What to Know About the Shooting of Police Officers in Dallas


At least two snipers opened fire on officers from “elevated positions,” according to an initial statement by the city’s police department.

The situation is still developing, and details continue to emerge. Here’s what we know so far:

What happened
The first shots rang out around 8:45 p.m. on Thursday near a street in downtown Dallas where the protesters were marching less than a mile from City Hall and police were engaged in crowd-and-traffic control. Several of the officers were injured in the ensuing gunfight. Dallas Police chief David O. Brown was quoted by the Associated Press as saying that three officers are in critical condition.

Brown said the officers were shot “ambush style,” some of them in the back, according to the Dallas Morning News. Carlos Harris, a local resident who witnessed the incident, told the newspaper that the shooters “were strategic. It was tap tap pause. Tap tap pause.”

The shooting now ranks as the deadliest targeted attack on U.S. police officers in nearly 100 years and the most single-event casualties of law enforcement since the 9/11 terror attacks, according to NBC news.

None of the protesters, who scattered in search of cover immediately after the shots rang out, have been reported dead. However, the city’s mayor Mike Rawlings said one member of the public was wounded, the AP reports, with a relative claiming it was a protester shielding her children from the gunfire.

Theresa Williams said her sister, Shetamia Taylor, was at the protest with her four sons, aged 12 to 17. Williams said Taylor threw herself over her children when the shooting began, and was undergoing surgery after suffering a gunshot wound to the calf.

The suspects
In a press conference shortly after midnight, Brown said police were currently engaged in a gun battle with a suspect at a parking garage downtown. He added that the suspect told negotiators that “the end is coming” and that he plans to “hurt and kill” more members of law enforcement. He also reportedly claimed that bombs had been planted across downtown Dallas.

Brown also added that a “female who was in the same area” has been taken into custody. “We still don’t have a complete comfort level that we have all the suspects,” the police chief said.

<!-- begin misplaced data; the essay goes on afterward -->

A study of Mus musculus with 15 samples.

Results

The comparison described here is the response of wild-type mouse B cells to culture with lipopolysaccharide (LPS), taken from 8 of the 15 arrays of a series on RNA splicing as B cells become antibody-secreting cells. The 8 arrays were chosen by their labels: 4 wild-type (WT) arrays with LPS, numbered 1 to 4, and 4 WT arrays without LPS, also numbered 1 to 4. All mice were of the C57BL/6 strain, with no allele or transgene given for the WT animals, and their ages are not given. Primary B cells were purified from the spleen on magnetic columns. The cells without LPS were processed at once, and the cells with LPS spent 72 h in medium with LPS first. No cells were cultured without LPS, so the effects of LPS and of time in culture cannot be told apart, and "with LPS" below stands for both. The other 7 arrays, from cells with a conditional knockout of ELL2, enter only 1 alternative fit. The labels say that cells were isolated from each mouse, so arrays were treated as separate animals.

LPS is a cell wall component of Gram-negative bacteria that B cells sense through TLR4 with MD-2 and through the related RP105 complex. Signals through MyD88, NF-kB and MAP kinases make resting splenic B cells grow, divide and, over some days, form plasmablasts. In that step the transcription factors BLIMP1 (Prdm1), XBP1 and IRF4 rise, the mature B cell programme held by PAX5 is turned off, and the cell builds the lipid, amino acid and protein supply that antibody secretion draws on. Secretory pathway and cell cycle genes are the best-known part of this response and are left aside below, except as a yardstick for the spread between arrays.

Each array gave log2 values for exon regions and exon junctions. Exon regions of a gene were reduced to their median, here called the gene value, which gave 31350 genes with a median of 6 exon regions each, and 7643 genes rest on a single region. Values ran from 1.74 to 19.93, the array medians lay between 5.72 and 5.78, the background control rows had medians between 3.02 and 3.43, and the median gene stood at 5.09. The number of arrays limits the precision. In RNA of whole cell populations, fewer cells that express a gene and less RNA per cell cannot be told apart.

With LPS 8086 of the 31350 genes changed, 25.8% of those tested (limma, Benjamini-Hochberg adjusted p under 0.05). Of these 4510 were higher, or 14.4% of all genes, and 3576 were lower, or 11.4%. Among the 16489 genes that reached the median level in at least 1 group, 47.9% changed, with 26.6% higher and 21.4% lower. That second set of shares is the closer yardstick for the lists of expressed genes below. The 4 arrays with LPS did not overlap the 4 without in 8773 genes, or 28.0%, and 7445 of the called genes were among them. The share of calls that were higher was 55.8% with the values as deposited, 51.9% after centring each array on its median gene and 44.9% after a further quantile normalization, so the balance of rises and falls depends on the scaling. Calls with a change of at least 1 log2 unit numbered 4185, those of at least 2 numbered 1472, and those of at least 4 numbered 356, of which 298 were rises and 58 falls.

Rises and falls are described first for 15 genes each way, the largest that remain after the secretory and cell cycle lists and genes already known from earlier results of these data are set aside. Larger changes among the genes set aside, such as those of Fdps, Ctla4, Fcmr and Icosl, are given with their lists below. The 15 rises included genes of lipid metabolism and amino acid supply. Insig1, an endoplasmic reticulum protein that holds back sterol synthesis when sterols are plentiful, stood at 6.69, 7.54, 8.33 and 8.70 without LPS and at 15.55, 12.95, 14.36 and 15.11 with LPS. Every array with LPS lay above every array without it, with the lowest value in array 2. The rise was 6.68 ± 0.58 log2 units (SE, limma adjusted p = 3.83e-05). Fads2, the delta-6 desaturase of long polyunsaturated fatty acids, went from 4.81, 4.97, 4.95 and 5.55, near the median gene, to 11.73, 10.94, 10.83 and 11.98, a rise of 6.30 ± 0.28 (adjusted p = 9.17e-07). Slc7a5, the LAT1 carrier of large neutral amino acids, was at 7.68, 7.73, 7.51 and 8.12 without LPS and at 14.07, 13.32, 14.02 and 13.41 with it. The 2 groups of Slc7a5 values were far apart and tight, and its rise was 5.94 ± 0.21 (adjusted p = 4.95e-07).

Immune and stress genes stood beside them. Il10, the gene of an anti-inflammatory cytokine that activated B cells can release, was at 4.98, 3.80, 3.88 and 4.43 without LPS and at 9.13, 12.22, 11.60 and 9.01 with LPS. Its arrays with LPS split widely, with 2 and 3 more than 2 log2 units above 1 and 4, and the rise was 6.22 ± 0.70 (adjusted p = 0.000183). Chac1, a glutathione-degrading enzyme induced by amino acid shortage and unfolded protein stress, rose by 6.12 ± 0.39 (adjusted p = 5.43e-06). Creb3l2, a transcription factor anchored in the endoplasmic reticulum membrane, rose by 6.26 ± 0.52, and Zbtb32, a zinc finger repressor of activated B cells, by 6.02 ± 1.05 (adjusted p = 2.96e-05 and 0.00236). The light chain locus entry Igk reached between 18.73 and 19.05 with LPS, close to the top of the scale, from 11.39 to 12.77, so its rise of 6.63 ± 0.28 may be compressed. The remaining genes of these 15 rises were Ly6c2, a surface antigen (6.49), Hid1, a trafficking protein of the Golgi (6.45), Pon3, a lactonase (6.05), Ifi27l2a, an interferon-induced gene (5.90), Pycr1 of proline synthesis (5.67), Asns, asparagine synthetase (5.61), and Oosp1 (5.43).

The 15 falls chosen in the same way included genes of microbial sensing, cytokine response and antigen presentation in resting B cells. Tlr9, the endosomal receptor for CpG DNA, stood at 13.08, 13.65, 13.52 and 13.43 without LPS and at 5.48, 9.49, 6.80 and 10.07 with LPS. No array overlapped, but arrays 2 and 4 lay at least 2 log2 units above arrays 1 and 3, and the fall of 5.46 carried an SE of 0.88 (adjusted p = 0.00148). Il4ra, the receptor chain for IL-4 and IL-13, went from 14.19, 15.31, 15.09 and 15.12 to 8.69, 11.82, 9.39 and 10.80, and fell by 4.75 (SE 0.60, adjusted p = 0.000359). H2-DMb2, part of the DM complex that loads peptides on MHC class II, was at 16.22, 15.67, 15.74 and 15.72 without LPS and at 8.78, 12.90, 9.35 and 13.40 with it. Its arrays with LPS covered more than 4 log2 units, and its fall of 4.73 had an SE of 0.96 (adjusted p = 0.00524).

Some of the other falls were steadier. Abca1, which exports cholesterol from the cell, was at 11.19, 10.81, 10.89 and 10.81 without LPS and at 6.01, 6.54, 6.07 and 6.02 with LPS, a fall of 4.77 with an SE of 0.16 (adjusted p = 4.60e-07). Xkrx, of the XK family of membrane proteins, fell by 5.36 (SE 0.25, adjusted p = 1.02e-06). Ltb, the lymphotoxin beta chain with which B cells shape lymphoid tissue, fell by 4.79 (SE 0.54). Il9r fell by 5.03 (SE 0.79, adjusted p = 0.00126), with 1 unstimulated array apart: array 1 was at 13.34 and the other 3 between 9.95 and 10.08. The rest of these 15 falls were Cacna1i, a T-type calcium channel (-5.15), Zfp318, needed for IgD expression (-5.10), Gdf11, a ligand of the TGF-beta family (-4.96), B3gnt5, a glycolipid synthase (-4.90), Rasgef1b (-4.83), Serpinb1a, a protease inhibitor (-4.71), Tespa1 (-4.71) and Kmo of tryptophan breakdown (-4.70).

Another person was reportedly spotted carrying a camouflaged bag to a waiting vehicle, which then sped off. The vehicle, a black Mercedes, was subsequently stopped and both its occupants are being questioned, policesaid.

An individual whose photograph was circulated on Twitter by the Dallas Police Department (and who appeared in unverified footage purportedly taken during the shooting), turned himself in earlier. Police announced his surrender but have not yet confirmed whether he remains a suspect.

The identities and motives of the alleged attackers have not yet been revealed.

The bigger picture
Thursday’s shooting could further polarize a heated ongoing national debate about race and law enforcement following the deaths of Philando Castile in St. Paul, Minn., and Alton Sterling in Baton Rouge, La. — both black men shot by police officers within a day of each other.

The protest in Dallas was one of multiple demonstrations that took place across the country against the two police shootings, with hundreds taking to the streets in New York City, Chicago, Philadelphia and other cities.

Aside from the families of the two victims, activists, celebrities and politicians have all spoken out against the deaths of Sterling and Castile.

“We have seen tragedies like this too many times,” President Obama said in a speech from the Polish capital Warsaw, where he is currently traveling. “When incidents like this occur, there’s a big chunk of our fellow citizenry that feels as if because of the color of their skin they are not being treated the same.”